David Cameron's Appointment Of Andrew Dunlop Just Another Way The Tories Are Trolling Scotland

David Cameron has defended his decision to make a former adviser to Margaret Thatcher a lord so he can become a junior minister in the Scotland Office.

It emerged yesterday that Andrew Dunlop has been given a peerage, enabling his appointment as Scotland Office Minister in the new majority Conservative government.

David Mundell has been appointed the Scottish Secretary, but as he was the only Scottish Tory MP to be elected Mr Cameron has been forced to look elsewhere to fill the junior ministerial role.

Prime Minster David Cameron meets with Scottish First Minister and leader of the SNP Nicola Sturgeon at Bute House

He said the new Scotland Office Minister is "extremely talented" and has a "great record in public service".

The Prime Minister spoke out as he visited Edinburgh for talks with Scottish First Minister and SNP leader Nicola Sturgeon.

The SNP claimed yesterday Mr Dunlop was part of Mrs Thatcher's policy unit at the time the poll tax was introduced in Scotland in 1989, describing the appointment as a ''scandal''.

Angus Robertson, leader of the Westminster group, said: ''If one thing demonstrates how out of touch the Tories are, it's the appointment as a government minister for Scotland of an unelected lord who played a leading role in the imposition of the hated poll tax on Scotland."

But Mr Cameron said he believed Mr Dunlop had been involved in defence procurement when he worked for Mrs Thatcher.

The Prime Minister said: "What I've done is I've taken someone who is extremely talented, with a great record in public service, who will make an excellent minister in the Scottish Office.

"I read some of this morning's press with incredulity because my memory is he was responsible for defence procurement under the Margaret Thatcher government, but why let the facts get in the way of a great story?"

Meanwhile, Mr Cameron said today that he does not rule out making further changes to new powers that are planned for Scotland if "sensible suggestions" are made.

The Prime Minister said there would be a fresh look at plans to give Holyrood powers over welfare, to make sure that these reflect the agreement reached by the cross-party Smith Commission.

The Poll Tax Riots on Charing Cross Road in London, 31st March 1990

The People's March against the Poll Tax in London, October 20, 1990

He spoke out after meeting face-to-face with Nicola Sturgeon for the first time since last week's general election, which saw the Conservatives win a unexpected majority across the UK.

But they only have one MP north of the border while the SNP swept the board, claiming 56 of the 59 constituencies up for grabs north of the border.

Holyrood's Devolution Committee said yesterday that the current plans to transfer more power north failed to meet both "the spirit or the substance'' of the Smith Agreement

Mr Cameron said his government would "make sure it really is Smith" adding: "We're going to look again at welfare and make sure the clauses reflect what that agreement was."

He added: "The First Minister wants to send some proposals for me to look at and I'm happy to examine proposals, there's going to be a debate, of course there will be a debate.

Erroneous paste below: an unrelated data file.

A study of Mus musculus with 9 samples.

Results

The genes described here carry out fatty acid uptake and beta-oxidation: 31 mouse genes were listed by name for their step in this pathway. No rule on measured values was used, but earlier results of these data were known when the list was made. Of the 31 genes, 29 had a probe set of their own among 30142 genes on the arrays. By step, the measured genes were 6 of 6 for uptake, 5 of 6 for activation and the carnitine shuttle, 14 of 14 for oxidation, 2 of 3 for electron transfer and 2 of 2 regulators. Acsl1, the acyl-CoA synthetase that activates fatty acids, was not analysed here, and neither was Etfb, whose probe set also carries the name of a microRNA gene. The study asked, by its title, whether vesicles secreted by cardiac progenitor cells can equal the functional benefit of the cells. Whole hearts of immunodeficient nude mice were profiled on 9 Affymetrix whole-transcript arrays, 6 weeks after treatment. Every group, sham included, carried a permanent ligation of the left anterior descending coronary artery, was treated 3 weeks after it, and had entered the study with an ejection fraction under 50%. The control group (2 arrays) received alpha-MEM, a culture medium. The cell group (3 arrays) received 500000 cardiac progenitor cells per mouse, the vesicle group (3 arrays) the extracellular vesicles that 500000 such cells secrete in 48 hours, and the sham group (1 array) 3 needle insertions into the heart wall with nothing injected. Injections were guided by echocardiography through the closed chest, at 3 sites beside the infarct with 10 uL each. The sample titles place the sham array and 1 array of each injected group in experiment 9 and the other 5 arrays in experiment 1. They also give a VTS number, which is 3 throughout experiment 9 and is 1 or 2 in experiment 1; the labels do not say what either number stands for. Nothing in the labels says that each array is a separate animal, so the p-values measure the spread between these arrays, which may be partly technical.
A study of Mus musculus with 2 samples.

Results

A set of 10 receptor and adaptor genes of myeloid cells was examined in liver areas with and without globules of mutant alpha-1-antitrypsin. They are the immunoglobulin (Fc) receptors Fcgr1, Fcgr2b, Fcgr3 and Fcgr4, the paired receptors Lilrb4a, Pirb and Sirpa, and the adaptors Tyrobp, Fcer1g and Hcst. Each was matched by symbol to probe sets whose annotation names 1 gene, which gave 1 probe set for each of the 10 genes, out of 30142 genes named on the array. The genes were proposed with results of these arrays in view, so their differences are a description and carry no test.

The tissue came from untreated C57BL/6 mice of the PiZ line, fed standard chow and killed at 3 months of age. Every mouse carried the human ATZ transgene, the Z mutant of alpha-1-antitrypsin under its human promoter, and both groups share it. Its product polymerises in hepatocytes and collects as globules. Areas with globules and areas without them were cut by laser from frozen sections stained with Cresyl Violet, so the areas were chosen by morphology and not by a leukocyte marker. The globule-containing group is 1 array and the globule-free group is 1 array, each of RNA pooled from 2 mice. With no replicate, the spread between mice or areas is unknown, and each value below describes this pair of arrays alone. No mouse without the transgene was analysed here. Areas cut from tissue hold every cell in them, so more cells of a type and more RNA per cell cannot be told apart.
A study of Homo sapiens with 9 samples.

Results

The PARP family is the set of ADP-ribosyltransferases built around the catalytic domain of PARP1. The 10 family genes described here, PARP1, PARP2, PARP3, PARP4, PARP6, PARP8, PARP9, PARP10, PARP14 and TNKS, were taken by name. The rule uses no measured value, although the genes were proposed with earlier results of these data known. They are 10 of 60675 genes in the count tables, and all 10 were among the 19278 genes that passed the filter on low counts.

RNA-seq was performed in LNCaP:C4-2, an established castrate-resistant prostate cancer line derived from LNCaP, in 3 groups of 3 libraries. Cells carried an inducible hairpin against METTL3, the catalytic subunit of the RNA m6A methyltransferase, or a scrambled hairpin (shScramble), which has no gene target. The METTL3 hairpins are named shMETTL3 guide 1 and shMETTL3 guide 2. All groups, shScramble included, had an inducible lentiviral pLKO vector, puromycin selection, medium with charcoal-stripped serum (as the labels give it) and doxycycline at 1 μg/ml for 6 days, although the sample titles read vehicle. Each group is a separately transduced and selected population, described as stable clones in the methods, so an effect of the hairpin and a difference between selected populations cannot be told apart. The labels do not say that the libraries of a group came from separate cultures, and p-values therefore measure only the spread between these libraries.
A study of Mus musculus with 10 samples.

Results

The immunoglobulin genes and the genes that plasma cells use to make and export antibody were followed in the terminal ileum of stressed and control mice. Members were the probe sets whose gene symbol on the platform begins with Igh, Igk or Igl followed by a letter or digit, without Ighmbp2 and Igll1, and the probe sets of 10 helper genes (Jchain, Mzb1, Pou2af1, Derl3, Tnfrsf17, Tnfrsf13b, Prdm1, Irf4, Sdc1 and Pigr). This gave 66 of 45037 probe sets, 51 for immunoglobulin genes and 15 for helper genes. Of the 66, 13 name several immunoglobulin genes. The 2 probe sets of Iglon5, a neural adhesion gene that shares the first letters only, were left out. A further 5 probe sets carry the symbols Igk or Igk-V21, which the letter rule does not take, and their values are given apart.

"I don't rule out making other changes if sensible suggestions are made."

Ms Sturgeon said the meeting was "constructive and businesslike".

"Two things of significance were agreed at the meeting," she told Sky News.

"Firstly, there was a commitment from the Prime Minister that the legislation that they will shortly introduce to the Westminster parliament to implement the proposals of the Smith Commission will implement those proposals in full.

"We had a report of a Scottish Parliament committee yesterday which said that where they have got to thus far doesn't fully implement the Smith Commission proposals.

"So, there is a commitment to do that, and we will make sure that happens.

"Secondly, I have said we will put forward proposals for devolution further than the Smith Commission proposals.

"The Prime Minister has said they would consider those proposals.

"I am not going to put words in his mouth and say he has agreed any specific proposals, but there is an agreement to look at that and there will be a meeting with Deputy First Minister and the Secretary of State for Scotland to take that discussion forward.

"I want Scotland to have full fiscal autonomy, David Cameron doesn't, but what we said in our manifesto was that there were priority powers over and above the Smith Commission that we wanted to see devolved.

"So, what we are talking about are business taxes and employment legislation, the minimum wage and more powers over welfare."

Face-to-face: David Cameron meets with Nicola Sturgeon for the first time since last week's general election

Ms Sturgeon said she still advocates full fiscal autonomy despite the oil price crash which would leave Scotland with a large deficit.

"I recognise that even if there was an agreement to move to full fiscal autonomy, which there is not, that would take time to do," she said.

"As a priority, I want to get our hands on the levers that really matter as quickly as possible."

Deputy First Minister John Swinney, who was also at the meeting, said today that the Scottish National Party will consider putting plans for another independence referendum in its election manifesto for Holyrood next year.

Ms Sturgeon told Sky News: "I said to him on the phone last Friday and I have said it to him again today, he has a choice to make about how he responds to how Scotland voted last week.

"He can act as if it is business as usual and nothing has changed, and people will draw their own conclusions from that.

"They will think that Westminster isn't capable of listening or responding.

"Or he can prove that Westminster does listen, it does respond, it can deliver a better deal for Scotland."